By Rebecca Walker
I recently assisted a company with their conflicts of interest (COI) procedures, which has me thinking more broadly about data, data, data. The company uses a third-party service provider, which facilitates employee disclosures regarding conflicts and tracking of those controls that are required to mitigate the risks of COIs. The software is similar to incident response software used for tracking investigations. The advantage of using this type of system is that it allows the company to track the number of conflicts disclosed by business unit, employee level, geography, type of conflict, controls utilized, and other factors and to fairly easily report that information to senior leaders and the board.
The system also creates a huge pool of data, similar to data collected on reports of suspected misconduct and compliance investigations. While I was advising the company on one particular aspect of their COI process, I couldn’t help but think about the enormous amount of data that the system generates each year, and what the company does – and might do – with that data. Perhaps an uptick in COI disclosures in a particular business or region should prompt an audit or additional training for that group. Perhaps a relatively higher number of disclosed conflicts at high levels in the organization should prompt additional oversight by the audit committee of this risk area. Pinpointing what types of personal conflicts are more likely to arise in particular regions or business units, or in the company more generally, could lead to more effective training and communications and more effective auditing for undisclosed COIs. Explaining the ways in which the data is being monitored could increase leadership and the board’s comfort level about controls more generally.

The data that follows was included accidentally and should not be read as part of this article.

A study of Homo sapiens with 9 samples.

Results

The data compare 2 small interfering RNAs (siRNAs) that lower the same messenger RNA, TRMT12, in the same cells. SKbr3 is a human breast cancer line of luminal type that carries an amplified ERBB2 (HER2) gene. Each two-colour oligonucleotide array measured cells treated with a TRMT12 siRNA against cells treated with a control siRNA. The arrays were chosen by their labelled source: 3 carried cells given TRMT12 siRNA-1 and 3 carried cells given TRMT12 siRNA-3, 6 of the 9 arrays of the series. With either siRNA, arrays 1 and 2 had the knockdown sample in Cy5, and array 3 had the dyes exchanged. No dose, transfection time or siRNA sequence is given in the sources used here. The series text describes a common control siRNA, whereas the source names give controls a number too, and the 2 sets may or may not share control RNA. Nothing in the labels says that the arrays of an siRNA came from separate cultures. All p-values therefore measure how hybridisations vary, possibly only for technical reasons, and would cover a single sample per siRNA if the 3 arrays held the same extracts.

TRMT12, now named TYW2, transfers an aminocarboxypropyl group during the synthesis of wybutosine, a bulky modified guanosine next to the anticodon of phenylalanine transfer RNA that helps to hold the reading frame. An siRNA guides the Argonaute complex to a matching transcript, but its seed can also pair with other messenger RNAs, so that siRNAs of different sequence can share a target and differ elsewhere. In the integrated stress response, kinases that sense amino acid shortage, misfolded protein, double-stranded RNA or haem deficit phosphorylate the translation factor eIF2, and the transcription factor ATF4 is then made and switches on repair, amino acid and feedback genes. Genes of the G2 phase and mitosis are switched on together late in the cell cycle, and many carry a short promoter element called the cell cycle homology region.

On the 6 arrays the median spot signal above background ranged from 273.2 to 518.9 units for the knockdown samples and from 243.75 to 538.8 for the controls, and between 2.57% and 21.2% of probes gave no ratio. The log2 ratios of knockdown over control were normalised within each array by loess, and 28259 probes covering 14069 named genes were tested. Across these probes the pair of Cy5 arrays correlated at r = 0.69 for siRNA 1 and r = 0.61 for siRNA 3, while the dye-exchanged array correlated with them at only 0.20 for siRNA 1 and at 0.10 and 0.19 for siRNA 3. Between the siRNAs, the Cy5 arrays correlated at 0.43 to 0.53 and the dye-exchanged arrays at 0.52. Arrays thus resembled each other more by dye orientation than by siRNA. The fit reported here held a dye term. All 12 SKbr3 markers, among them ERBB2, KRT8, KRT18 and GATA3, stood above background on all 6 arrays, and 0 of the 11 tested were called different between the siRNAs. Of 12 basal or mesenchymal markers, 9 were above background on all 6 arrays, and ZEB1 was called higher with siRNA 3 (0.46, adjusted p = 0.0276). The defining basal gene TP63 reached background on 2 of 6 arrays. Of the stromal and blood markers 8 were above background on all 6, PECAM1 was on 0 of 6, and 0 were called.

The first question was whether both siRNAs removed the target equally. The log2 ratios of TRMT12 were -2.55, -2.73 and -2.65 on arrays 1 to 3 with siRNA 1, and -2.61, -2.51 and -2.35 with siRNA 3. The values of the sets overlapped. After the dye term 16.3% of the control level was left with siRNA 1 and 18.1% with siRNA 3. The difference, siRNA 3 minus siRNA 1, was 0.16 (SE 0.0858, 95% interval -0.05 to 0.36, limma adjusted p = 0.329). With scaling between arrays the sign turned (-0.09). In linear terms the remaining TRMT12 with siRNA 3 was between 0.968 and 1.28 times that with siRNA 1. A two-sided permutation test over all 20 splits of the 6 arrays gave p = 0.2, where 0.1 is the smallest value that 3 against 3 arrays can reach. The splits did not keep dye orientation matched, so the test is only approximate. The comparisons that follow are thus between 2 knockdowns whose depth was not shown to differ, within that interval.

The DOJ has been urging companies to adopt a more data-driven approach to compliance for a number of years, and DOJ has also increased its own expertise on use of data in compliance programs. In the fall of 2022, the DOJ hired Matt Galvin into the Fraud Section’s Corporate Enforcement, Compliance and Policy Unit in the newly created role of Counsel for Compliance and Data Analytics. Matt is well-known in the compliance community for his pioneering work while serving as the chief compliance officer at AB InBev in leveraging data analytics in that company’s compliance program.
As an important aside, Matt will be speaking at PLI’s C&E Essentials program in New York on June 27 on the topic of using data analytics in your program. I’m super excited to hear from Matt about this critical topic. More information on the PLI program is here: PLI – Compliance and Ethics Essentials 2023 – Schedule & Registration
We in the compliance community have made good progress in our use of helpline and investigations data; due diligence data; and data gleaned from audits and employee surveys to pinpoint program needs and make improvements. But there is undoubtedly more to be done both in analyzing data to understand our organization’s compliance risks and in automating parts of our program that can benefit from greater automation. We would love to hear from you about ways that you use data in your program.